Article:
Discussion Starter · #1 ·
I have been making knives out of files, the grind in way. now since i have no way to heat treat the knife is always too soft. Also the edge is wavy. Are there ways to stop that from happening? Also should i get a different type of steel like 01 toolsteel, or 440 stainless? And should i stop using my benchgrinder, and save up for something made just for knifemaking?
Also What should i use forheat treating?

Thank you for any help
 

Too soft: if it is a good file, it is probably so hard that it is brittle, too hard in fact for a decent knife. If the edge seems too soft, then likely you are annealing it during the grinding process. If the edge gets too hot to touch, you are generating too much heat and you will affect the hardness.

Wavy edge: slow down some, use a jig. Experience will help keep those grind lines straight and even.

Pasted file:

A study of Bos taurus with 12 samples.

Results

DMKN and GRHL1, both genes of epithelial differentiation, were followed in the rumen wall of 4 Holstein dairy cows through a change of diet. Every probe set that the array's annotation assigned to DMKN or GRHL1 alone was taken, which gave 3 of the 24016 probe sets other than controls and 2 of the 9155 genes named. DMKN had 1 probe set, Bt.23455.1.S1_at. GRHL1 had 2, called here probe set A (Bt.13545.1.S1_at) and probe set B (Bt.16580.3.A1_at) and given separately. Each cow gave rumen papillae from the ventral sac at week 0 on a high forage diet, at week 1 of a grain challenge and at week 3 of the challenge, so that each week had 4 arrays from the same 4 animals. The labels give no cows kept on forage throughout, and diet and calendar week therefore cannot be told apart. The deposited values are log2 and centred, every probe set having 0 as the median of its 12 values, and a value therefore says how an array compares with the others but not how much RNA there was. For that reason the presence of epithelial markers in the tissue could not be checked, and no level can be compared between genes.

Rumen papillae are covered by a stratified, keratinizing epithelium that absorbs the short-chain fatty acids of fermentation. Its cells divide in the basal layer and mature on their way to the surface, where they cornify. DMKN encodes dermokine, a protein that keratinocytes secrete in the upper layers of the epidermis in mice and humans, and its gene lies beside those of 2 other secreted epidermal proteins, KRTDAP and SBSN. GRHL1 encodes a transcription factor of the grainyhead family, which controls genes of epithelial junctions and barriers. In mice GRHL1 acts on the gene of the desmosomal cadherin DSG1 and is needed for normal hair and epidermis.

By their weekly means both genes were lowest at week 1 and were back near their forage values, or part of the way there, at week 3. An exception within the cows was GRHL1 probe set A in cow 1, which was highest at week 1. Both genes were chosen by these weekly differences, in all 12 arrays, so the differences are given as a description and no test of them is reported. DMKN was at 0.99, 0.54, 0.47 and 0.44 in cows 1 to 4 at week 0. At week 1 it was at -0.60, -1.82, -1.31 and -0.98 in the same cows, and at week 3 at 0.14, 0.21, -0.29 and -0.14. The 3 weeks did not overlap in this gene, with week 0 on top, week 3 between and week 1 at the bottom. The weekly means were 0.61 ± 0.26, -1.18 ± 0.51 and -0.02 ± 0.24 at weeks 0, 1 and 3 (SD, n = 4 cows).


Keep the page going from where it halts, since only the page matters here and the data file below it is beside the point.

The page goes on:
My understanding of using files for knives is to anneal the file first (heat to non magnetic, then allow to cool as slowly as possible, the traditional method is to bury the hot steel in ashes and wait a day or three) then grind to shape, then heat treat.

Heat treating is getting the steel hot to non magnetic (just as a rule of thumb; different steels have different temps) then quench fast to get it as hard as it can be, then heating to a known temp and holding it there to reduce the hardness to a good compromise between hard and brittle and soft and tough.

Here is a good link that explains things very well and also has a how to.

A belt grinder is the tool you want to use for shaping. This might work for you as well.

You can always send your pieces out to be heat treated.

Bladeforums is likely a better place to get such info from.
 


You'll learn more in the week-end the years of trial and error will ever pay off! I don't make knives and I attended parts of one to learn how they're made so I can get a better idea what to look for when buying? Caveat Emptor!